While reading this I'd like to direct your attention to a short EP a friend of mine made inspired by the novel discussed below. Here's the link. Press play and continue reading.
When a book starts out by saying, "
," you'll end up asking yourself, "why?" But that's a question that'll end up pushing you down a rabbit hole once you turn that first page. Let me introduce to you Mark Z. Danielewski's House of Leaves, a typographical adventure of a novel that'll leave you in love as much as you'll be unnerved.
It's been a while since I've read this novel, two or three years I'd say, but for some reason my mind keeps wandering back to it. If I were to pin a reason for that wandering, I'd stick it onto Danielewski's use of typography as a storytelling element. I'm not lying when I say that half the novel is one giant footnote. I'm not lying when I say that when you turn the page it might not be the next page you should be reading. I'm not lying when I say that at some point you'll want to stop reading in the middle of the novel to read a completely different novel within the novel. House of Leaves doesn't try to comfort you when you need to be. It'll throw you into textual mazes and puzzles, and fall apart when you most need everything to stick together.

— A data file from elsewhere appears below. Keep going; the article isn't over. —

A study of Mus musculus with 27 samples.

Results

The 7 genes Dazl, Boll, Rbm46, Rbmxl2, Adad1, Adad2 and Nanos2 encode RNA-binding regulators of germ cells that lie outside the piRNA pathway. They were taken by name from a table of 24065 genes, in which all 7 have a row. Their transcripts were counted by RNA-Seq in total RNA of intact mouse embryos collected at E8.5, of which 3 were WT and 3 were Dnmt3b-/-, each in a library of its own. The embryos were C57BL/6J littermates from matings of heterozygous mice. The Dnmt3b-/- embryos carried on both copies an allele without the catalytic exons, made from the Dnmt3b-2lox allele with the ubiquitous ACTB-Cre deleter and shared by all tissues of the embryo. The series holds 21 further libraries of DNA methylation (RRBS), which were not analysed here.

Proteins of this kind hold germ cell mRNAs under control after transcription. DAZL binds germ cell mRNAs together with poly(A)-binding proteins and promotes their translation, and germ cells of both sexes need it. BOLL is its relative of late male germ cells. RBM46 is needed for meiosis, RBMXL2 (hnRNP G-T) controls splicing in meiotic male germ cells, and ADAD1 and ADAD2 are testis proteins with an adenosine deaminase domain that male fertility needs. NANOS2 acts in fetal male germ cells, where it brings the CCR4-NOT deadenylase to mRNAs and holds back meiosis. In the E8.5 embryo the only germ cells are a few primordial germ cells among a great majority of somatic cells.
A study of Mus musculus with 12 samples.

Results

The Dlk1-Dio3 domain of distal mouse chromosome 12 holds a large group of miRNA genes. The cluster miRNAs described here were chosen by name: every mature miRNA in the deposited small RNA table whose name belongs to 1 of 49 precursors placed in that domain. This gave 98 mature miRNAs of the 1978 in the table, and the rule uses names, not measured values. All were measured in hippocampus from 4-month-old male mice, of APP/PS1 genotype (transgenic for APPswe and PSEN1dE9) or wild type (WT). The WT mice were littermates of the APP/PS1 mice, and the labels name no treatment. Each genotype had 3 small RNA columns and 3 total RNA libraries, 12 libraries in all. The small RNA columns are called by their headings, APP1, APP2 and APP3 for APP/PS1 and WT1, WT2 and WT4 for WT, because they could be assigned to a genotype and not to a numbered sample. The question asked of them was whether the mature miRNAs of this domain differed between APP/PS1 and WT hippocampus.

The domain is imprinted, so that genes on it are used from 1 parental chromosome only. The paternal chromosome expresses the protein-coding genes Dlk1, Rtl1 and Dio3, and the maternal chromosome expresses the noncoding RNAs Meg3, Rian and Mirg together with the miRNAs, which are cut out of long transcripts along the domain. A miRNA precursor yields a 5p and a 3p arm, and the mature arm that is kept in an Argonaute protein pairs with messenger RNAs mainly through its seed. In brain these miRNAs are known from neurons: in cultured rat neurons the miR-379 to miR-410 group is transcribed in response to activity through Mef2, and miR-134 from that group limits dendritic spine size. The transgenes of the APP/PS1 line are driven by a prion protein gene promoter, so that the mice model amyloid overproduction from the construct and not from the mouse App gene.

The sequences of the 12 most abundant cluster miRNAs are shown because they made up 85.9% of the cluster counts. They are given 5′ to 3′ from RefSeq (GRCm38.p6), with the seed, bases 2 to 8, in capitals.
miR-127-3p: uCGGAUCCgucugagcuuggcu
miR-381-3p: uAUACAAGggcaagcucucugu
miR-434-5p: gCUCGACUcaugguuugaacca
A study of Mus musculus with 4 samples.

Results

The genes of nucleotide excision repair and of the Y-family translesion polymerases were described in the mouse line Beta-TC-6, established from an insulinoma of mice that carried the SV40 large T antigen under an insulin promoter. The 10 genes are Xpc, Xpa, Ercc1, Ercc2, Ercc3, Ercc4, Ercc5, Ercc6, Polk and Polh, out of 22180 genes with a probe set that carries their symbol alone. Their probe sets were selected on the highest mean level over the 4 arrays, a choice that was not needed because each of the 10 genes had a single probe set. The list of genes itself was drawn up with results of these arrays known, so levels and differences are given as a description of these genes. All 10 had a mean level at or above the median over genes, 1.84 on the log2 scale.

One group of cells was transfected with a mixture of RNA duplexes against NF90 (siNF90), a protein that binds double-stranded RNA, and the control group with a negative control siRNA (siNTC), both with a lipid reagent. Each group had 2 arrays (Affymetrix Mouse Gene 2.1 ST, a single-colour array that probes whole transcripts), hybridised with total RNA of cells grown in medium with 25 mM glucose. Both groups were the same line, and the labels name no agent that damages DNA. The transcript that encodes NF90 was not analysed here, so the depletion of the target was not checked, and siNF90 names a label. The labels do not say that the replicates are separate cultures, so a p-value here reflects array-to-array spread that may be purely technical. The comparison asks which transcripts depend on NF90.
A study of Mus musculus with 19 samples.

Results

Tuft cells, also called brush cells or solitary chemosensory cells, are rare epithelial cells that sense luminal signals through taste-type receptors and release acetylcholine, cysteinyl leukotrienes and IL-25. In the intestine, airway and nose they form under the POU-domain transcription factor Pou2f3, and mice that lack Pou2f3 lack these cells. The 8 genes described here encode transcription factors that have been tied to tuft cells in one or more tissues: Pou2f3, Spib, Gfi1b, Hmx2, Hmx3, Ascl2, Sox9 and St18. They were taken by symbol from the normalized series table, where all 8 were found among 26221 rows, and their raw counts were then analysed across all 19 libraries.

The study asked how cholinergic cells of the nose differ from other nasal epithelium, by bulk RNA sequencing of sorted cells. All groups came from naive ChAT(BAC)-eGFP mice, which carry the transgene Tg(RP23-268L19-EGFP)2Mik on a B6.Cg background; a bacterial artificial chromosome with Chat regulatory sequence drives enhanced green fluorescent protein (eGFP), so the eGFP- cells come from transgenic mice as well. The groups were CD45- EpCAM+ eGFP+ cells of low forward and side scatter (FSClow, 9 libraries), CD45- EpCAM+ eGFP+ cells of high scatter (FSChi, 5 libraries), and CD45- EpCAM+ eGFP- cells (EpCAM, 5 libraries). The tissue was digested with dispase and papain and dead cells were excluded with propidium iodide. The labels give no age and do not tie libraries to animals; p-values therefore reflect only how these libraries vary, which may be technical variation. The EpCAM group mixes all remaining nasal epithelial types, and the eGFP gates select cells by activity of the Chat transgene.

The narrative is a complicated but essentially the novel is the restoration of an academic journal that analyzes a group of films about a house that appears bigger from the inside than from the outside. It includes countless fictional references to other novels, notes from the initial restoration, notes from the restoration of that restoration, and another novel that functions as a companion to this one. The novel is an interesting exercise in separation from the initial story to the point that the idea of the book going through a publishing company is part of the narrative.
|Here's a nice map of the degrees of separation in the novel.|
Me writing about this book as another degree of separation.
In regards to the plot, there are three main stories. First you have the discovery of a house that doesn't appear to be just a house. It's a horror story a tale of distress and discovery. Second you have the first restoration of the academic writings. This piece of the novel is a story of hopelessness as you watch a man, Zampano go mad through his analysis of the first films of the house. Finally you have the second restoration of the story. Here we follow Johnny who's trying to find love in a stripper who goes by the name Thumper. He's trying to restore Zampano's notes and in the process also loses touch with reality. All three of these stories run contingently and center around the house which appears to be a force that deteriorates everyone's life no matter how separated they are from the initial event (Note image above). Maybe that's why I'm a little wonky.